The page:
With Cam Rising coming back from injury and grad transfer Charlie Brewer battling for the quarterback spot, Enis should see plenty of targets regardless of who is behind center.
Since coming to campus in 2018, Enis has played in all 33 games, starting in nine of them. His big frame is ideal for him to fend off smaller cornerbacks for 50/50 balls, or even draw the occasional pass interference call, similar to Kenneth Scott.
Enis clearly has all the physical tools to be great. Although not quite as fast Jaylen Dixon or as shifty as Britain Covey, Enis has all the tools to be a top-level receiver. He has flashed big play potential since he was a true freshman, so this could be the year for him to fully breakout in a starting role.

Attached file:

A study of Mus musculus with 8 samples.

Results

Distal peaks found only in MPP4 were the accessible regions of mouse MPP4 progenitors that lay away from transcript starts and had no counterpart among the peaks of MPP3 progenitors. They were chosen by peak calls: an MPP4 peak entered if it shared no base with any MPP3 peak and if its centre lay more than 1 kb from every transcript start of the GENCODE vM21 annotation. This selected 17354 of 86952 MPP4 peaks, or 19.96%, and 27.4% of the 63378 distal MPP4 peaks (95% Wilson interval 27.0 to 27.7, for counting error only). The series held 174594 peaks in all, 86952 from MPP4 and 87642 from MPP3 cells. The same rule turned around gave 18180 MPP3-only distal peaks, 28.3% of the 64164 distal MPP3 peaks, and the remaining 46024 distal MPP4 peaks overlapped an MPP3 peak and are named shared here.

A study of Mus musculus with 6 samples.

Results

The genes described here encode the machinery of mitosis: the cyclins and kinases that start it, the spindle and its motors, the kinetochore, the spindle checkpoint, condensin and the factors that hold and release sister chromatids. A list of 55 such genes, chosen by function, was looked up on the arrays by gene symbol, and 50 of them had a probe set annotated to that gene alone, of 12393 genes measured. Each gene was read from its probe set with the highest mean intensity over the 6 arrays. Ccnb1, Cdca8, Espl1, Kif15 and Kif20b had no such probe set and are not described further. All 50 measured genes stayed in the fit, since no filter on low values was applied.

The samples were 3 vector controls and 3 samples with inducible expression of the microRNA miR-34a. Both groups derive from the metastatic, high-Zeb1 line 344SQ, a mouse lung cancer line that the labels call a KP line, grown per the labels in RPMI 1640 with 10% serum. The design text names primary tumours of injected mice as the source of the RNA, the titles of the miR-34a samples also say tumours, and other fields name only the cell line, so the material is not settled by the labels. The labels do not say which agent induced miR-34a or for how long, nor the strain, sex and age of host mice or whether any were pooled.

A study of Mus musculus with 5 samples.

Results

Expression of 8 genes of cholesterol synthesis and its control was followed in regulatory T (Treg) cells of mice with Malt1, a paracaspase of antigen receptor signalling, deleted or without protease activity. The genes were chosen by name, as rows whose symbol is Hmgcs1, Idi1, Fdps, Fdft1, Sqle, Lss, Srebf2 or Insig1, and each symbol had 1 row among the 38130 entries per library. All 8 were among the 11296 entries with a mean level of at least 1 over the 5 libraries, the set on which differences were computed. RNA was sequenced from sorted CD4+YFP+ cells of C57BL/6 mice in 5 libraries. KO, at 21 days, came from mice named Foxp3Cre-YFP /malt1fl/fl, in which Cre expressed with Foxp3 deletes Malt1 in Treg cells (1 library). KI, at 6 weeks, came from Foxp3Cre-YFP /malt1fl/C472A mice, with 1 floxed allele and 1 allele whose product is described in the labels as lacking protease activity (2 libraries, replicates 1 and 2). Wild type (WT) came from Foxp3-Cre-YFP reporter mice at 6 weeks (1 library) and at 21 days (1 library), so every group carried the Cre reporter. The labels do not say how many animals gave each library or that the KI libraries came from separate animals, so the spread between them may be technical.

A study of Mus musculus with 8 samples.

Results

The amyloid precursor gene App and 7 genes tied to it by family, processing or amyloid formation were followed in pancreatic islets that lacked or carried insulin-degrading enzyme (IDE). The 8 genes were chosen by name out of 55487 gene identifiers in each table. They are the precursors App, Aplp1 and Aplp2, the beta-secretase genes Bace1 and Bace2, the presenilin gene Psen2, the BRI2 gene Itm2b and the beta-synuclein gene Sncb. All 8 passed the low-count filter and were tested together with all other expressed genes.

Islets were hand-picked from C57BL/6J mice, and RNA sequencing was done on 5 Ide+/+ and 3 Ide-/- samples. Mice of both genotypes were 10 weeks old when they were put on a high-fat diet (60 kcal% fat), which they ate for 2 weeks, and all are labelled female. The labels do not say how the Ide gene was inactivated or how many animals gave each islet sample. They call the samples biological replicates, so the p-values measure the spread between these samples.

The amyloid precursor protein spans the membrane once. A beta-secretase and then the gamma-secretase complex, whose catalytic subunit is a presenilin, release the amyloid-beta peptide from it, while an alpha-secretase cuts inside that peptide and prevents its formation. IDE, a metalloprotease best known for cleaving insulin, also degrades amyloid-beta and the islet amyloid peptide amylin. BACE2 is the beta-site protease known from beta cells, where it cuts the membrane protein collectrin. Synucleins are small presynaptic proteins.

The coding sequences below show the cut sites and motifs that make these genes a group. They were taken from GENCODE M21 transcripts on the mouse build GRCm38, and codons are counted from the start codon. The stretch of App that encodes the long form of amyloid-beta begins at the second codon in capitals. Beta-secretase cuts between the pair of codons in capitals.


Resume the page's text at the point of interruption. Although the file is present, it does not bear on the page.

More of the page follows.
Also of note, Enis has made tremendous strides in the technical aspect of the game, under the tutelage of new receivers coach Chad Bumphis.
Alex remembers Enis’ recruitment
With NFL bloodlines, Enis was a highly-regarded four-star receiving prospect out of North Canyon HS in Arizona, for the class of 2018. Due to those bloodlines, the battle came down to two teams, the Utes and his father, Curtis Enis’ alma mater, Penn State University.
In a bizarre twist, Penn State released a promotional video with Solomon in it, as if he was already a part of the team. Luckily for Utah, it was an oversight by the Nittany Lions and Enis choose to follow his own path on signing day. It was a big get, and even bigger that Utah knocked off the school where his dad became a college football legend.